Aidan Pollock, Contributor


At midnight on January 20, 2018, the federal government shuts down for almost three days.

A government shutdown is when non-essential discretionary federal programs close. The president must do this when Congress fails to appropriate funds. In the normal budget process, Congress appropriates funds by September 30 for the following fiscal year, which is a year reckoned for taxing or accounting purposes. When that doesn’t happen then Congress enacts a continuing funding resolution, or “CR,” is a temporary funding measure that Congress can use to fund the federal government for a limited amount of time. If Congress can’t agree on one, it forces a shutdown. It signals a complete breakdown in the budget process.

U.S. Government Shutdown in 2018 Explained

Up until January 20, the Senate couldn’t get the 60 votes it needed for a bill to extend spending until February 16, 2018. The Republican majority couldn’t convince enough Democrats to vote for it.

Democrats wanted the bill to protect immigrants eligible for Deferred Action for Childhood Arrivals or DACA because if Congress didn’t develop a permanent fix, Trump’s immigration plan would end the program in February. Even some Republicans voted against the bill. They wanted to focus on passing the permanent budget instead another continuing resolution.

On January 22, the Senate approved a continuing resolution that expired at midnight on February 8, 2018. The Senate bill was approved by the House and signed by President Trump. To get the Democrats’ votes, Republicans agreed to work with them on DACA legislation.

The continuing resolution was necessary because the two houses of Congress could not agree on the budget for the fiscal year of 2018.

As of February 6, the Senate was nearing a bipartisan two-year spending bill. It would exceed the spending caps imposed by sequestration. Republicans want to increase the base budget for defense spending to $700 billion.

Sequestration limits it to $549 billion. Democrats want a dollar-for-dollar increase in non-defense discretionary spending. Sequestration limits it to $516 billion. But Democrats also wanted aid to Puerto Rico and increased spending on the opioid epidemic.

The House is working on a continuing resolution that would last until March 23. It would boost funding for the military until September, and community health centers through 2019. The House passed an earlier version of its bill on January 18. House leaders couldn’t get enough votes to support DACA. Instead, its bill extended funding for the Children’s Health Insurance Program for six years. It delayed an Obamacare tax on health insurers for one year. It delayed taxes on medical devices and “Cadillac” insurance plans for two years.

Meanwhile, the Tax Cuts and Jobs Act triggered the Pay-Go budget rule. The Pay-Go rule requires an automatic cut in Medicare when tax cuts increase the deficit. Senate Republicans may have a hard time convincing Democrats, who opposed the tax bill, to waive the rule. Without the waiver, the tax act would force Congress to cut Medicare by $25 billion in 2018. It would cut mandatory programs by $150 billion over the next 10 years.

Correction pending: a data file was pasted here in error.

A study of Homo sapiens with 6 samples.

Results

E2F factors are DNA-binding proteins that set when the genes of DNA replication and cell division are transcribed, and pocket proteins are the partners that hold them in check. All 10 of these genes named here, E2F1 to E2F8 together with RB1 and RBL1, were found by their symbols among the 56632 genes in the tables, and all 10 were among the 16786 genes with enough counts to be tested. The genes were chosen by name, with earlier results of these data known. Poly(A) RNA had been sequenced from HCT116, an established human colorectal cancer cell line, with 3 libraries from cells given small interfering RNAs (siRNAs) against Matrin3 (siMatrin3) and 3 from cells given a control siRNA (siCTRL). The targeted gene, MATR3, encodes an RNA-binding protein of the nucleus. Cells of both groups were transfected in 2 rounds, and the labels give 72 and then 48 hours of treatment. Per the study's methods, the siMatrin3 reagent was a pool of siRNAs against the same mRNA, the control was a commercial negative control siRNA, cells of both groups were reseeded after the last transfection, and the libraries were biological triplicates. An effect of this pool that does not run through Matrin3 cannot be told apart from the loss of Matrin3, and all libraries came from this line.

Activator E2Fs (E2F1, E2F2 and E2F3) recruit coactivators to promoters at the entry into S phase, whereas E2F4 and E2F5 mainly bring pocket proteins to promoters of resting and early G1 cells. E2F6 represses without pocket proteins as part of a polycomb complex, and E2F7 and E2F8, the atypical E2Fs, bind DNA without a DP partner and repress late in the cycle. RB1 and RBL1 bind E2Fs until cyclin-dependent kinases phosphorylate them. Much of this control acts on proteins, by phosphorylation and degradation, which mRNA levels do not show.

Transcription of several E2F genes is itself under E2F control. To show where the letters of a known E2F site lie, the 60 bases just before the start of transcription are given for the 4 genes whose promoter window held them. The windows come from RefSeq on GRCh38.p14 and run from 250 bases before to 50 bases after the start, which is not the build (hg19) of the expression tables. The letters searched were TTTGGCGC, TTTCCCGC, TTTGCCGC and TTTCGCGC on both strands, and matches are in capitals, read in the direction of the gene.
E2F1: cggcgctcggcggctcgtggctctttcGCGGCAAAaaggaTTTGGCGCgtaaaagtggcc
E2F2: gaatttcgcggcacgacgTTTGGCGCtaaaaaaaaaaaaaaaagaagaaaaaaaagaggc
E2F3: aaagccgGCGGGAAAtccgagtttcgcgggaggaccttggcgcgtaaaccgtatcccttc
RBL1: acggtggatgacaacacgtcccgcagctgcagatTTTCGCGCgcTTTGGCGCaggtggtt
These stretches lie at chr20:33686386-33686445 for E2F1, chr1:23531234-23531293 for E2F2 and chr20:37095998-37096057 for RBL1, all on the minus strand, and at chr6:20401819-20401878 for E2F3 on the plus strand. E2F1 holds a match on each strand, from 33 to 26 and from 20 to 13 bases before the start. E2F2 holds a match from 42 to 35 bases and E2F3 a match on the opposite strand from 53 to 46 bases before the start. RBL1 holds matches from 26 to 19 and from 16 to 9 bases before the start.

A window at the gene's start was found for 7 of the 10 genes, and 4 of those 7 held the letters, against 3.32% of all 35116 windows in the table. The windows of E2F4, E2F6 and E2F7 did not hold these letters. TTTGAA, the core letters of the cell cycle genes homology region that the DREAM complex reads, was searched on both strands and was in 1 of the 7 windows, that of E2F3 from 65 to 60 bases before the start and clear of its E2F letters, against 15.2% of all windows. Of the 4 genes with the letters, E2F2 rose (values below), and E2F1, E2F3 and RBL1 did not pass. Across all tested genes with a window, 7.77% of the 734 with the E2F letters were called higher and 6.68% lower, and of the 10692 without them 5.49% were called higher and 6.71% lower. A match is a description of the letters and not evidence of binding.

What is Affected by a Government Shutdown?

The discretionary budget funds most federal departments. But those that provide essential services are not shut down. Essential services are those that include defense, national safety, and security. Many of these agencies are set up so they can operate for weeks without a funding bill. On January 19, 2018, the Defense Department warned it wouldn’t pay military personnel during a shutdown. The next paycheck is due on February 1, 2018. Non-essential employees, such as instructors, will be furloughed.

Border Protection and Immigration, air traffic controls, and the Transportation Security Administration remain open. The Justice Department remains open, but gun permits will not be issued during the shutdown. The Postal Service has a separate source of funds, so mail continues to be delivered.

Other than that, here are the other major departments that shut down:

  • Commerce, except National Oceanic and Atmospheric Administration
  • Education
  • Energy; functions that oversee the safety of the nation’s nuclear arsenal, dams and transmission lines remain open.
  • Environmental Protection Agency (EPA)
  • Food and Drug Administration (FDA)
  • Health and Human Services
  • Housing and Urban Development
  • Interior, including National Parks (The Department of Interior announced on January 19, 2018, that parks will remain open despite a shutdown)
  • Internal Revenue Service except those processing tax returns
  • Labor, including Bureau of Labor Statistics
  • NASA
  • National Institute of Health
  • Smithsonian (the agency is using prior funds to remain open January 22, 2018)

The immediate effect is on furloughed government employees and Americans who depend on suspended services. As the shutdown continues, agencies use up saved funds, and more services start to close.

If the shutdown continues beyond two weeks, it will affect economic growth. That’s because government spending is, in itself, a component of the gross domestic product. It contributes 18 percent of economic output.

What about Social Security, Medicare, and Medicaid payments? They are part of the mandatory budget. That budget also includes the Troubled Asset Relief Program (TARP) and the Affordable Care Act. These programs are never shut down because their funding is automatic. They were created by separate acts of Congress. The only way Congress can cut their funding is with another act.